You want fries with that, in the minivan? No problem.

The new ketchup pack, unveiled Thursday by H.J. Heinz Co., is shaped like a shallow cup. The top can be peeled back for dipping, or the end can be torn off for squeezing. It holds three times as much ketchup as a traditional packet.

Customers at a McDonald's in Covington, Ky., said they would welcome a redesign.

"You use up a lot of ketchup now with the packets, I always get extra ones," said Skyler McDermott, 29. "Maybe now you won't have to use your teeth to open them."

Heinz struggled for years to develop a container that lets diners dip or squeeze, and to produce it at a cost acceptable to its restaurant customers.

"The packet has long been the bane of our consumers," said Dave Ciesinski, vice president of Heinz Ketchup. "The biggest complaint is there is no way to dip and eat it on-the-go."

Designers found that what worked at a table didn't work where many people use ketchup packets: in the car. So two years ago, Heinz bought a used minivan for the design team members so they could give their ideas a real road test.

The team studied what each passenger needed. The driver wanted something that could sit on the armrest. Passengers wanted the choice of squeezing or dunking. Moms everywhere wanted a packet that held enough ketchup for the meal and didn't squirt onto clothes so easily.

Heinz is rolling out the new packs this fall at select fast-food restaurants nationwide. It will continue to sell the traditional packets.

Whether restaurants buy the new packets will depend on cost, experts say.

"One of the top uses of ketchup in this country is on french fries," said Harry Balzer, vice president of the research firm NPD Group. "One of the patterns of behavior in this difficult climate that continues to do OK is ordering and eating in your car."

The company said it is still working out prices with its customers. But the new packet should cost only a little more, even though it holds much more ketchup.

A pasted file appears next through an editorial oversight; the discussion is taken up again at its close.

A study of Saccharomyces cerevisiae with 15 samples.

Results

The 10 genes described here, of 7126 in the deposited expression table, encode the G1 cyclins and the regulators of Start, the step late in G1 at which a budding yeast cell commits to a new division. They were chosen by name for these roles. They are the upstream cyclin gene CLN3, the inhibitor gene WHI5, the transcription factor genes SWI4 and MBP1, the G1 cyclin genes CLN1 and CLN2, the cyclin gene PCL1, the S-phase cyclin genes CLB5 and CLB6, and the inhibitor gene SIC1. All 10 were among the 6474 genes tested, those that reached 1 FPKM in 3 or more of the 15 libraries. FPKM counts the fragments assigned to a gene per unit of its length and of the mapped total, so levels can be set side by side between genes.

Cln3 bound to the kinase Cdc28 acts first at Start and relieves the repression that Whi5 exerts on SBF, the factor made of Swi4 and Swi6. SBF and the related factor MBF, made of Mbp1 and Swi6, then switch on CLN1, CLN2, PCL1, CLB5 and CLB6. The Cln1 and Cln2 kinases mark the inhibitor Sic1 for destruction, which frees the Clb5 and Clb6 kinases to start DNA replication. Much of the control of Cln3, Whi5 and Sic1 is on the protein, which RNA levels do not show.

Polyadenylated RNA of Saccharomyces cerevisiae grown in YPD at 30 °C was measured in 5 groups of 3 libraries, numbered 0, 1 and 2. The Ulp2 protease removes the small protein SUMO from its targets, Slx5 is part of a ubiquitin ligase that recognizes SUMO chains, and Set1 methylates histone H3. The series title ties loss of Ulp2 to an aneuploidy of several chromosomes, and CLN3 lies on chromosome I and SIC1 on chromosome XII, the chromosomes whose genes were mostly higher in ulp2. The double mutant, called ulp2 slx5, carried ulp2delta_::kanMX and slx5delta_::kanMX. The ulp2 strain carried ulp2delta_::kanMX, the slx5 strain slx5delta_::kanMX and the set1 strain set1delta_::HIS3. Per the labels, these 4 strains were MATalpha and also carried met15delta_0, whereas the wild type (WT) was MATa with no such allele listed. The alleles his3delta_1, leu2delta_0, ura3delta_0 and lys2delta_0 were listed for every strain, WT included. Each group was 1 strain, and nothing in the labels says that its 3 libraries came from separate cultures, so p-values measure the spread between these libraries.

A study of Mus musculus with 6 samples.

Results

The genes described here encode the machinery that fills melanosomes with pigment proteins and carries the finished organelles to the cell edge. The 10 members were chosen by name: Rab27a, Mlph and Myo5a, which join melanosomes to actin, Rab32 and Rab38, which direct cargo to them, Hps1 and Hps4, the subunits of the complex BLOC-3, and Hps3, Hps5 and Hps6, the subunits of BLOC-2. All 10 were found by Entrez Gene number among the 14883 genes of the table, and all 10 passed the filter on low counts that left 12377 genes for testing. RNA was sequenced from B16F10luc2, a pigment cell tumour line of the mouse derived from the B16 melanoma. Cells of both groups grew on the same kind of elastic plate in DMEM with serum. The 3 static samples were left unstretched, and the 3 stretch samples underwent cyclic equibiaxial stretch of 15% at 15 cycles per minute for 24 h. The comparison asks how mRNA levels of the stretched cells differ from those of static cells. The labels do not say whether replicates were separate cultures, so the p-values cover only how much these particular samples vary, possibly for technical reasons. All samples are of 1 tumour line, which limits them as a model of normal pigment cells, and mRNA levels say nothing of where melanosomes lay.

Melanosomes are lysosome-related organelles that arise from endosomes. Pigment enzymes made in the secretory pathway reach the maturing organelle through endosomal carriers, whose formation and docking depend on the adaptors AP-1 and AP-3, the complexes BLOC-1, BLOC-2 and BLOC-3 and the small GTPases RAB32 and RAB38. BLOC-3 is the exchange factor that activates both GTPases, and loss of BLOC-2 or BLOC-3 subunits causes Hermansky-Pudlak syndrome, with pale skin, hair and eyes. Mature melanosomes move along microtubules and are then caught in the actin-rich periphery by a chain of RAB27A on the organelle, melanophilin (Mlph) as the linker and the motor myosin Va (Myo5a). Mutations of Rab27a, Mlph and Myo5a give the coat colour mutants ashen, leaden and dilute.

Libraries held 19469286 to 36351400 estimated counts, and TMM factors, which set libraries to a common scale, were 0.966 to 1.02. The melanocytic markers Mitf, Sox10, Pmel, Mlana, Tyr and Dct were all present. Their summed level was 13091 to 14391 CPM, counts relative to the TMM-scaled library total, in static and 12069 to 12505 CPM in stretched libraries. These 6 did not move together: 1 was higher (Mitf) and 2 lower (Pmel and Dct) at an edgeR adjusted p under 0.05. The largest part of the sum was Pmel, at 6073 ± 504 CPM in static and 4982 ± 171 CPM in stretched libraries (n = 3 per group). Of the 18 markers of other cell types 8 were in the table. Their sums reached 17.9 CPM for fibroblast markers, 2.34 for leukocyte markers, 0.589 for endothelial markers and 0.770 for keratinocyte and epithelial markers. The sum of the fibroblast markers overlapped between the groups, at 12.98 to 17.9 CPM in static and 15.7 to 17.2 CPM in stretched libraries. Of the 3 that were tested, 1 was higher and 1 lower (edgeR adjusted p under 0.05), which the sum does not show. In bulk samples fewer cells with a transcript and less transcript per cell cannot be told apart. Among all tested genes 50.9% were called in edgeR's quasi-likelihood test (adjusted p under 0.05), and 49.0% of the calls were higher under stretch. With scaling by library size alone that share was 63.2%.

Heinz is by far the biggest ketchup maker. About half of its ketchup is sold in stores and the other half is sold to the food service industry through its exclusive contracts with chains like Burger King and Wendy's.

McDonald's, the nation's largest burger chain, does only limited business with Heinz.

Heinz sells more than 11 billion ketchup packets every year. But neither the ketchup maker nor the major chains would say who plans to carry the new design.

Morningstar restaurant analyst R.J. Hottovy said if restaurants do adopt the design, the transition will likely be gradual.

"It has to be proven that this is something that saves money on the behalf of restaurants or cuts down on waste," he said. "It looks interesting, but ultimately you have to provide something of value to the restaurants."

Customers may force the issue.

Rants about the messy packs have helped spawn hundreds of anti-ketchup-packet groups on Facebook.

Matt Kurtz, a 22-year-old student in New York, has drawn 269 members to the group he started after he ripped open a packet too quickly and spilled it on his jeans while on a road trip two years ago.

"That's when I said 'There has to be a better way.'"

These issues come as no surprise to Heinz's Ciesinski. "We created the packet in 1968," he said. "Consumer complaints started around 1969."